After 9/11: A Hijack-Proof Airliner?

Ever since that horrific day five years ago, aerospace companies have been looking for what amounts to sweet revenge -- a way to make a plane so secure that trying to hijack it is all but pointless.

Now a coalition of European aircraft makers, government agencies and universities is at work on a project that its members say could result in a hijack-proof plane. No system is perfect, the coalition members caution, but they say the first new technologies could appear on airliners as soon as 2008.

Planes of the future could be flown only by pilots who pass biometric screening -- iris or fingerprint scans that confirm identity and make the controls useless to anyone else.

They would have sniffers to detect explosives onboard before the plane leaves the gate.

If hijackers got into a cockpit and ordered a pilot to crash the plane into a building, a hazard-avoidance system would override the controls and steer it back into the sky. Control of the plane might conceivably be taken over by a computer, which would automatically land the plane.

The European plan is called Security of Aircraft in the Future European Environment, or SAFEE. It is a four-year, $45 million project, drawing on ideas from engineers, pilots and airlines.

Reading Passengers' Movements

The consortium is even working on an Onboard Threat Detection System, with cameras linked to computers that would monitor activity in the cabin and send alarms if a computer detects suspicious behavior.

"We want to detect a threat early, before somebody storms the cockpit or flight deck," said Catherine Neary, a human factors specialist in the Advanced Technology Center at BAE Systems in Bristol, England.

Software has been designed that can read people's actions in a video image. It might be able to tell if a passenger gets up when the seat belt sign is on, or makes gestures that suggest unusual activity -- or, for that matter, sits nervously.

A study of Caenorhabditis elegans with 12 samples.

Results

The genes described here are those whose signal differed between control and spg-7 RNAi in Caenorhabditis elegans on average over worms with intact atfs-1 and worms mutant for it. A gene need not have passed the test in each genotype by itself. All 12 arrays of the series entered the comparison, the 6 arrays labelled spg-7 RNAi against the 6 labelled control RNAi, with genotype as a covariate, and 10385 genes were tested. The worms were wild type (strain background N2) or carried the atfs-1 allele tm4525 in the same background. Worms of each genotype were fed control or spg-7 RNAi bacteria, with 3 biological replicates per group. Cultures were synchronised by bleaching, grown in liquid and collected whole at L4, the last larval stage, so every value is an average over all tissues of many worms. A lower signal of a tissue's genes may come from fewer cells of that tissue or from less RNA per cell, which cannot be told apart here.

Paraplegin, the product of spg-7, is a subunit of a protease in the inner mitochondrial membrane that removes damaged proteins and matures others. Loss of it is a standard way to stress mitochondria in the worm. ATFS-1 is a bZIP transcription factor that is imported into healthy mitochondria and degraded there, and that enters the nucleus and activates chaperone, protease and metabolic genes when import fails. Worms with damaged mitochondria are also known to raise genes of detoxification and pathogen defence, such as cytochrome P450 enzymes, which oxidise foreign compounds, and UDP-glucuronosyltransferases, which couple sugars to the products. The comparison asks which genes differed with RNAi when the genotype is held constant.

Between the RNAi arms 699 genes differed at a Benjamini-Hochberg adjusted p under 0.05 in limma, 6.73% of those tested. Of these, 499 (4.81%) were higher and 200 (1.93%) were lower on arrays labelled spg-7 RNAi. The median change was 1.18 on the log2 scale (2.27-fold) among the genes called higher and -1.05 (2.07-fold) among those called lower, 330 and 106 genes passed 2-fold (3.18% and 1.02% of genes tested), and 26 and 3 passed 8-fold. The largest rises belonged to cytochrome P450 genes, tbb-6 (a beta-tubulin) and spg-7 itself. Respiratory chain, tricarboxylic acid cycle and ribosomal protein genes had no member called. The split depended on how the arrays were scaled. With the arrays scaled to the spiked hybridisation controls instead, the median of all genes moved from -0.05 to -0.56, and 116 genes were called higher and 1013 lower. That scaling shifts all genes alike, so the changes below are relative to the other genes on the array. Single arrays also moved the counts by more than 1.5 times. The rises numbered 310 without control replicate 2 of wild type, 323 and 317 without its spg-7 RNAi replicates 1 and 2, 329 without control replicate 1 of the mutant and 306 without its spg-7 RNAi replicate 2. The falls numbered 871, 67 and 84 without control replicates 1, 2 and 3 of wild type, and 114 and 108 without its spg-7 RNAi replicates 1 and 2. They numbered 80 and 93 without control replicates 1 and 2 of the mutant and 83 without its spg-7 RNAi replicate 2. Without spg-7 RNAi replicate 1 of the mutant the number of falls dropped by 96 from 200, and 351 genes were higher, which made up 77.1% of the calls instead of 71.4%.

Microphones might also be mounted around the cabin, linked to a computer with voice-recognition software to detect suspicious words.

Such signals might send low-level alerts, which engineers hope would prevent the need for more urgent action later.

They also raise obvious privacy issues, but BAE Systems said it stays mindful of that. If scanning data generates false alarms, it said, the data will be deleted before the plane even lands.

"To reassure passengers we're not listening into their conversations, we're not identifying them," Neary said. "It's all being analyzed automatically by a computer, and information is extracted.

"The plan is that the data wouldn't be analyzed by humans," she said. "It would analyzed by computer, and the data wouldn't be stored."

The SAFEE group describes its work as a last line of defense, a way to thwart a terrorist who may have eluded law enforcement and gotten through airport security and on to a plane.

So the security lines at airports are likely to continue for a while, and engineers concede fully that hijackers will try to find ways around any new security measures.

But the consortium members say that its work should make any hijacker's job harder and help "restore full confidence in the air transport industry."